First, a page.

Architectural Style: Sandstone Homestead
Alfred S. McKay’s experiences in the west are a classic pioneer story. He came to the Calgary area from Ontario in 1880 as part of the C.P.R. survey team. He returned to Calgary in 1886 and lived in a log cabin as a squatter on land under lease to the Cochrane Ranch Company. McKay received clear title to his land in 1891.
McKay designed and built this structure as his home in 1905.
He quarried sandstone for his house himself and hauled it across the frozen Bow River to his building site. He donated fifty acres of his homestead to the city, which is now part of Shouldice Park. McKay’s sons retained possession of the house and land until 1953.
This pioneer house appears to have been built in several sections. The southern part began with a single story and a partial second floor. An addition to the north side was completed with a small second story. Later the main building was enlarged and a full second story completed. This growth pattern resulted in an interior sandstone wall approximately 16 inches thick. After being abandoned for several years and vandalized, it was restored in 1982.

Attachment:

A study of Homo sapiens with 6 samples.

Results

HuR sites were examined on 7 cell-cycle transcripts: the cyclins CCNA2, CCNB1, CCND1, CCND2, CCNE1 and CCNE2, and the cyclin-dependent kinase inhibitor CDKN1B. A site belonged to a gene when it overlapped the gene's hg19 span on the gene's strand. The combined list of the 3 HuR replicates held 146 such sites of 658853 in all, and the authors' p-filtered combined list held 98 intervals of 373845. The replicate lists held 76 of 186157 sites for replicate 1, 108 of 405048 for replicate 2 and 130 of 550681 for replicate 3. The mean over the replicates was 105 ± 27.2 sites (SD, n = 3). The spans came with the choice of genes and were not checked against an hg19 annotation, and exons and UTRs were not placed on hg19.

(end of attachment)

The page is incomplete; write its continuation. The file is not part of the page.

McKay is remembered as a member of the original survey party that chartered the route of the C.P.R. across the prairies and Rocky Mountains, and as a ferry operator on the Bow River from 1882-87. Originally, McKay owned several quarter sections adjoining his homestead, including the property between 37 and 29 Streets N.W. that was subdivided as Parkdale Addition by Scott and Hartronft. McKay had planned to develop numerous houses in Parkdale Addition for speculative purposes yet only five houses were ever built, including the McKay Son’s Residence. McKay retained all of the houses until his death in 1940 despite his original intentions.